Honeysuckle Plant Care


Around 180 species belong to the honeysuckle family (Caprifoliaceae), with all varieties growing throughout the northern temperate regions of the world. These regions range from the Philippines to Mexico, according to Mississippi State University. Woody vines, small trees and shrubs all belong to the honeysuckle family. Tube-shaped flowers appear in various shades of pink, red, yellow, white and orange, depending on the honeysuckle variety. Blossoms are favored by hummingbirds, butterflies and bees.

Light Requirements

Because of their wide variety and numerous sizes, ranging from small to large, honeysuckle plants are capable of fitting into virtually any landscape with ease. All enjoy planting locations in full sunlight, but a few will tolerate partial shade. Normally, shading reduces growth and flower production.


Most honeysuckle varieties are sold in 1-gallon containers. For best results, plant in the spring so the plant has time to begin establishing itself before winter sets in. The plant enjoys well-draining soil with ample organic material. Add aged manure and peat moss to the soil before planting. Tilling the soil to a depth of 24 inches will help the plant attain maximum root growth.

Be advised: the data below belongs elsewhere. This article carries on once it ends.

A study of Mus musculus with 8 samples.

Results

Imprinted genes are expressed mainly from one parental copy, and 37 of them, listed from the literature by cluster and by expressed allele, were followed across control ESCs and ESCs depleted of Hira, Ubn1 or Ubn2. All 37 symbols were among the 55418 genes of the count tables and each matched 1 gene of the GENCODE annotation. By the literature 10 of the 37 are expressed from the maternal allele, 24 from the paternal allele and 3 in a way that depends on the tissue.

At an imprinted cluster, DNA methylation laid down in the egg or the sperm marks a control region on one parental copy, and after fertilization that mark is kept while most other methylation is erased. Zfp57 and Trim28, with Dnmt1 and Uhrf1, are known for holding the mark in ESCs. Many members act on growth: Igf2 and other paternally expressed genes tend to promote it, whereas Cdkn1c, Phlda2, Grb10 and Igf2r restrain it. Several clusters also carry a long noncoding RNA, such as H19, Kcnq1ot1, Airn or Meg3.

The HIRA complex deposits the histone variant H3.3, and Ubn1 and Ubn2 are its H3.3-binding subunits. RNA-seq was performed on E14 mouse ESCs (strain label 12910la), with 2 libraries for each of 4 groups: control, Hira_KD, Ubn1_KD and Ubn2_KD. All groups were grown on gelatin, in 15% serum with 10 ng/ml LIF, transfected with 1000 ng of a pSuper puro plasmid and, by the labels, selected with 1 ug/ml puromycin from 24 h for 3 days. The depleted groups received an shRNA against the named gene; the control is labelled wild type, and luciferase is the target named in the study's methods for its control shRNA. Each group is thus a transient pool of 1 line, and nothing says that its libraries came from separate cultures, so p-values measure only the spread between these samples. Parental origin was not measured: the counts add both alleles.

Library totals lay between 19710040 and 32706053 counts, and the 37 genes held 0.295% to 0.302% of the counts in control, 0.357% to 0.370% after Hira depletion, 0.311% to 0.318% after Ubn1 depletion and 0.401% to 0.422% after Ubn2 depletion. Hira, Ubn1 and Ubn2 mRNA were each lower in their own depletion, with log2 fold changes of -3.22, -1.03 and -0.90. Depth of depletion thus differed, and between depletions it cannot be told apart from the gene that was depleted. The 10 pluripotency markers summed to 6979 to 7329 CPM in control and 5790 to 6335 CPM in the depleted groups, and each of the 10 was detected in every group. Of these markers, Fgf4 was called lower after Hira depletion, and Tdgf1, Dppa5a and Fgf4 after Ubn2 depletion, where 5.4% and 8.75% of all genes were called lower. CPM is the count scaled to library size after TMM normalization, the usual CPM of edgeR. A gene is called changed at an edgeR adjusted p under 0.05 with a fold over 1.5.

Honeysuckle varieties usually are not heavy feeders. Apply a light dose of general-purpose fertilizer, such as 10-10-10 in the spring and again after flowering begins. Keep the soil moist around the honeysuckle, as it does not like water-logged roots. Apply a layer of mulch several inches deep around the base of the honeysuckle in the spring to help keep the soil moist and reduce weed growth. Apply new mulch around the plant in fall to help protect the root system from winter weather.

Invasive Habits

A few common honeysuckle varieties, such as the Amur, escape cultivation easily and pose a threat to native plant life. Be careful when growing a non-native variety of honeysuckle in a garden setting so it does not escape its confines. Non-native honeysuckle produces white and yellow flowers.


Honeysuckle is quite easy to propagate for the home gardener. Simply removing a clipping of green wood and placing the end of it into water will encourage it to root. Propagation can also be attained by dipping the end of the clipping into a rooting hormone, then placing it in growing medium.


Kimberly Sharpe is a freelance writer with a diverse background. She has worked as a Web writer for the past four years. She writes extensively for Associated Content where she is both a featured home improvement contributor (with special emphasis on gardening) and a parenting contributor. She also writes for Helium. She has worked professionally in the animal care and gardening fields.